Selection of FA as speaker for Columbia's World Leaders Forum has raised a sort of debate. Read this:
By Rubab Khan
PUBLISHED SEPTEMBER 25, 2007
Along with the usual array of accomplished presidents and prime ministers, this year, Columbia's World Leaders Forum is hosting Dr. Fakhruddin Ahmed, the chief adviser of the Caretaker Government of Bangladesh. Ever since his pseudomilitary regime took office in Dhaka, rampant human rights violations have become the state's hallmark. Before questioning his place at the Forum, it is worth taking a look at recent events in Bangladesh.
The unusual electoral process of Bangladesh requires an outgoing government to hand over power to a nonpartisan administration for three months to prepare for polls. This process failed when the last elected government installed a bunch of puppets to hold a farcical election. As a result, massive protests led to the military stepping in and establishing a government comprised of retired bureaucrats and ex-military officers. They promised to clean up the corrupt political system and hold elections, but the prospect of change evaporated as the government started handpicking whom to prosecute for corruption, and toward whom to turn a blind eye. The latter group was comprised almost exclusively of members and leaders of the powerful fundamentalist political elements who had little electoral chance, yet whose leaders roam in Bangladeshi politics using piles of money procured from global fundamentalist networks.
Under the state of emergency rules, the regime suspended fundamental rights and prohibited the media from publishing critical stories, and military officers briefed news editors. Military camps were set up in every major university and the army started ordering around university administrations.
At the end of August, the military personnel severely beat a number of students and a faculty member at the University of Dhaka, the largest university of Bangladesh. As a result, student protests spread across campuses throughout the country. They were joined by disgruntled common people who were fed up with a 40 percent increase in the price of essentials and closure of numerous industrial factories. Though the government grudgingly withdrew the army camp from the university gymnasium, thousands of police continued to batter students. On the third day of violence, the protesters set an army vehicle on fire. A curfew was immediately declared, and college dormitories were vacated. Thousands of soldiers conducted door-to-door searches and picked up students. Deans of three schools of the University of Dhaka were arrested, along with eight other senior faculty members. All of them were tortured indiscriminately.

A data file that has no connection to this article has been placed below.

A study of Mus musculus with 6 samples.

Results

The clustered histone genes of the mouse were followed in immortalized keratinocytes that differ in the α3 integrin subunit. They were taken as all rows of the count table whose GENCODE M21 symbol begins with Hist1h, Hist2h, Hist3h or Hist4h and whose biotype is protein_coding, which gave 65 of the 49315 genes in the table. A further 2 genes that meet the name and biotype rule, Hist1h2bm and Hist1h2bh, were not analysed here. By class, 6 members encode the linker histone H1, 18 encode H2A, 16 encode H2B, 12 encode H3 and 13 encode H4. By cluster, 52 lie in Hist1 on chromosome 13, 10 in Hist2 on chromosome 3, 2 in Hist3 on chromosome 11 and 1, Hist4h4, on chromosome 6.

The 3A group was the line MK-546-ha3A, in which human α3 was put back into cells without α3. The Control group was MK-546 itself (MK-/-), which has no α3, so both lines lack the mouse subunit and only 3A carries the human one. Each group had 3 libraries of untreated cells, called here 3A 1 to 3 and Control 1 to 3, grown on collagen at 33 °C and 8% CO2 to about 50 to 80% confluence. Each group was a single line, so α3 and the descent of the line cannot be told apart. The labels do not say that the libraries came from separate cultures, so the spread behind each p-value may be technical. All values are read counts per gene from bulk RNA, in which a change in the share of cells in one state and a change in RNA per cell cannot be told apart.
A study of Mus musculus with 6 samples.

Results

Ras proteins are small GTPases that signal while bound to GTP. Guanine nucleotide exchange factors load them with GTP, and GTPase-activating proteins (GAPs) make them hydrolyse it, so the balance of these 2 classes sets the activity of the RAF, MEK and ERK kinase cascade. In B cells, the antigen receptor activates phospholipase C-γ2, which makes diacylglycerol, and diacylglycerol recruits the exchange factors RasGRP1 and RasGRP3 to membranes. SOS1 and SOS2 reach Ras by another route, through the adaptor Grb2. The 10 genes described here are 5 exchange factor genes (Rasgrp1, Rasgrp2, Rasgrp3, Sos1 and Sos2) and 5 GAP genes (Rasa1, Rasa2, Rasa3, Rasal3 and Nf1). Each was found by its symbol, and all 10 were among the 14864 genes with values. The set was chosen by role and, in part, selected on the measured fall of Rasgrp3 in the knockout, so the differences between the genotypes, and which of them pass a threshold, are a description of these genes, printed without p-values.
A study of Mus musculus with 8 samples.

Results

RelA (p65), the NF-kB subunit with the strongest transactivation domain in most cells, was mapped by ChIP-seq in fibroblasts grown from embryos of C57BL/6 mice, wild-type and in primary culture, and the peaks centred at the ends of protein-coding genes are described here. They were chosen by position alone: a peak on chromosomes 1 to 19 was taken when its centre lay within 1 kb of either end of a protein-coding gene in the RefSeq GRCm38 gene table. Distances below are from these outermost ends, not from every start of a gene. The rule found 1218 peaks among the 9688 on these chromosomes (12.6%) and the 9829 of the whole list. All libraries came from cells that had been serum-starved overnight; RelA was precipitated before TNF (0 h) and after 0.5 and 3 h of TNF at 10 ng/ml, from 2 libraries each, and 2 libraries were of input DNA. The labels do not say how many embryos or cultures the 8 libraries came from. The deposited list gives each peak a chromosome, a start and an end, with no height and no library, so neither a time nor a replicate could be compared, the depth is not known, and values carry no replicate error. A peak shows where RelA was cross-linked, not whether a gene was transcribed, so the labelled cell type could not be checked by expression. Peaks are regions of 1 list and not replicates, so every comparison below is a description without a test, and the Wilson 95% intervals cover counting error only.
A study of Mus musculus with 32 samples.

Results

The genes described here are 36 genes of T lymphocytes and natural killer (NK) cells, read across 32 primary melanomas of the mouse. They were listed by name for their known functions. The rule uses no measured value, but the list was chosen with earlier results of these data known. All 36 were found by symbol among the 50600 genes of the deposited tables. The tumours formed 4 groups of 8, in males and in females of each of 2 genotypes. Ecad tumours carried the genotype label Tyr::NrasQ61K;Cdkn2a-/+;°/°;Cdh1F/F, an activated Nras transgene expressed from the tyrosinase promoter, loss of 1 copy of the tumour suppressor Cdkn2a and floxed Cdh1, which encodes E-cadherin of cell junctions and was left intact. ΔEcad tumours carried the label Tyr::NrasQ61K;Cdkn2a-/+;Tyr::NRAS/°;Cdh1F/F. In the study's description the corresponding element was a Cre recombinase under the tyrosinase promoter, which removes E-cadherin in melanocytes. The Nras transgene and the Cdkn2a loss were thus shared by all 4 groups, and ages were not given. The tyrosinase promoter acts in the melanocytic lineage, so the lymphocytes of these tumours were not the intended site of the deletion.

The military responded to the publication of a photo in many Bangladeshi papers, of a student kicking a solider, by arresting and severely beating over 250 journalists. International publications are still censored in the country.
For example, two critical articles from The Economist (one from the Aug. 23, 2007 issue and one from Sept. 6, 2007) were ripped off before the magazine's distribution in Bangladesh. This caused Sophie Richardson, Asia advocacy director at Human Rights Watch, the largest human rights organization in the U.S., to say, "Ripping out pages from an international magazine is the hallmark of a dictatorship, not a caretaker government committed to reform and the rule of law."
All this paints a pretty grim picture of Dr. Ahmed's despotic rule, so why did Columbia to invite him to speak?
This is not the first time something like this has happened. Last year, Pakistan's military ruler President Musharraf honored the World Leaders Forum with his presence. Today, Iran's president Mahmoud Ahmedinejad spoke.
University Professor Jagdish Bhagwati, the University's most distinguished expert on South Asian economics and a member of the University Senate, was not consulted on the issue of the invitation to Dr. Ahmed, although he has stated that he thinks that it is better to invite disagreeable people and to subject them to debate. This lack of consultation implies that it was not Dr. Ahmed's profile as an economist that earned him the invitation.
Maybe my research-lab postdoctorate had a closer guess. She suggested that perhaps lobbyists got paid by the Bangladeshi government to convince the University to ask him to speak. We will never know for sure, but what we do know is that attending a major forum at one of the world's leading institutions of scholarship will help the despotic ruler to wash off some of the stigma he earned from the most recent brutal repression of Bangladesh's academia and press.Dr. Fakhruddin Ahmed should not have been invited by Columbia to the World Leaders Forum, since he simply does not deserve it.
This conference is for distinguished foreign leaders. Ahmed is neither a legitimate leader of his people—even under the state of emergency, the government's tenure formally expired after the first four months—nor does his making academia and the press the primary victims of repression give him any extra credit. I hope that the Columbia administration will regain its senses and give the issue some serious thought.
The author is a Columbia College senior majoring in astrophysics.